Corporate social responsibility (CSR) is a broad term for a business model that promotes accountability for the overall social, economic, and environmental wellness of a corporation or organization. The idea of corporate responsibility is such that there are standards of operations that a company holds itself, their shareholders and their employees to.
Types of Corporate Responsibility
Although innately positive, CSR is a broad term and takes on a different meaning for different organizations, but for the most part, CSR is organized into the following list of categories (Khron):
1. Environmental Sustainability: What responsibilities is the company taking to ensure their operations support environmental sustainability?
Initiatives that an organization may have in this area include taking operational steps to reduce greenhouse gas emissions. For example, a beverage company may decide to use aluminum cans versus plastic because aluminum is more easily recycled and less likely to end up in a landfill. That’s an example of company’s standards specific to the creation of their product. An example of a company who implements Environmental standards to their operations may have solar panels installed and require that a certain amount of their power be run of solar energy.
2. Business Ethics: What responsibilities is the company taking to ensure their operations, products, and partners are all practicing business ethics?
No matter the size of a business or organization, ethical decisions have to be made. Most ethics decisions in business have to do with fair labor and hiring practices, but extends all the way to the ethics of the products they are sourcing for their business. For example, a T-shirt company purchasing fair trade certified materials clearly has made a statement that sourcing ethical ingredients is high on their values list.
3. Economic Responsibility: What responsibilities is the company taking to ensure they are making healthy, long-term economic decisions?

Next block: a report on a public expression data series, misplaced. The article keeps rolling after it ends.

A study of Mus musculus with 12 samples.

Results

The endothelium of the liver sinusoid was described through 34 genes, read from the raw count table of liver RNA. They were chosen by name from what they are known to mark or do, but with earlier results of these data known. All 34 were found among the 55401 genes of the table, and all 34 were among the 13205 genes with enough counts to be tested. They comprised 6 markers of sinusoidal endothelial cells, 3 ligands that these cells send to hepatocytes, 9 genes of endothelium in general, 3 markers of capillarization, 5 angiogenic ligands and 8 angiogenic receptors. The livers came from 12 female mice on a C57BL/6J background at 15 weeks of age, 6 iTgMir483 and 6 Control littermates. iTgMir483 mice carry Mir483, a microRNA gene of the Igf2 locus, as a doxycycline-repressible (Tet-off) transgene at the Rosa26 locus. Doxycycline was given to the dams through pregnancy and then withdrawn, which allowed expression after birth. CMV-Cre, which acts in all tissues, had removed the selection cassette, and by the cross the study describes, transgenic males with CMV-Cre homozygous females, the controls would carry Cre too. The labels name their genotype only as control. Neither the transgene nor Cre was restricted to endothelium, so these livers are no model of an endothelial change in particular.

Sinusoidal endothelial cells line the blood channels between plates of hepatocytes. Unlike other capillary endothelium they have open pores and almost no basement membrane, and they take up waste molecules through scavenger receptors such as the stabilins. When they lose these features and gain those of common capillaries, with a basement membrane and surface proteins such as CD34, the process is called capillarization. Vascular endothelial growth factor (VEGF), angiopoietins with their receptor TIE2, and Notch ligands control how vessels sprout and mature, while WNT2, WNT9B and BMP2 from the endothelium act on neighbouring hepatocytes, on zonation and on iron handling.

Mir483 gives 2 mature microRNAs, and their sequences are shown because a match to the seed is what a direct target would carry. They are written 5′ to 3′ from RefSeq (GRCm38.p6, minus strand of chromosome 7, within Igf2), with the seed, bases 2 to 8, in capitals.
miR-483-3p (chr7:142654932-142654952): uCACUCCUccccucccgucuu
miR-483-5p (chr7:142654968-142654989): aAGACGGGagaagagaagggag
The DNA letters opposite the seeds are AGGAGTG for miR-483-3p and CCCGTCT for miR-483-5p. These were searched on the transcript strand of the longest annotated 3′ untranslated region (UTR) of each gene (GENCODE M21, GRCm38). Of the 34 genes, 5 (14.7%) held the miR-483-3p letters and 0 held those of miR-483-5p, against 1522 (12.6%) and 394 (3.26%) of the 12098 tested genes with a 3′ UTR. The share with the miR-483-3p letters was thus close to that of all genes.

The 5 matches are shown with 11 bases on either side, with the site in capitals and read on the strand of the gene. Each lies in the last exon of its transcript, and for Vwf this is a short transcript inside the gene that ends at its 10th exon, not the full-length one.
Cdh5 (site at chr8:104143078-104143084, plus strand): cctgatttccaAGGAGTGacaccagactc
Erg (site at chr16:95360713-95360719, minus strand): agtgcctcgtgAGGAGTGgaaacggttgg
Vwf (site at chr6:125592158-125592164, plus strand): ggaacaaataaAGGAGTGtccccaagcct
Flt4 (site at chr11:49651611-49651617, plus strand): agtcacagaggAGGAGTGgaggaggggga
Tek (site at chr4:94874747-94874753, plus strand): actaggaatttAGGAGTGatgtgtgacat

Every company must focus on their bottom line to stay ahead in business. Economic longevity while maintaining all other corporate social responsibilities will likely have its challenges, but companies with a well-rounded CSR initiative will ensure that they can achieve economic growth without sacrificing any of the other types of CSRs.
4. Philanthropic Efforts. What is the company doing to promote philanthropic efforts in their communities or in causes they believe in?
The action of spending money, time, or resources towards a local, national, or international cause shows an organization has positive philanthropic initiatives. Whether or not the cause is directly related to the company in some way or not, this is a great way for organizations to boost morale, while promoting service-minded employees and partners.
Why is Corporate Social Responsibility Important?
Companies with positive social responsibility initiatives not only attract positive publicity, but are also more likely to attract top talent, achieve higher customer satisfaction, and have an impact on the communities they are based in (Murphy).
This supports the idea that there is actual financial and economical benefit to a company that implements these practices, as it shows benefits ranging from employee retention to improved sales.
Examples of Corporate Responsibility:
Starbucks has been known for having a great sense of corporate social responsibility, and commitment to giving back to the communities that source their coffee from.
- 99% of their coffee is ethically sourced
- Starbucks offers college tuition programs for its employees
- Starbucks has initiated a program to higher more refugees
2. Tesla, Inc.
Elon Musk at Telsa has integrated corporate social responsibility into the nature of his product and idea through innovation in electric cars, and other forms of technology that promote sustainability.
3. Coca-Cola Company
Coca-Cola started a 5by20 initiative, a program that aims to empower women globally. CSR initiatives at larger companies like this can be a good model for newer or younger companies.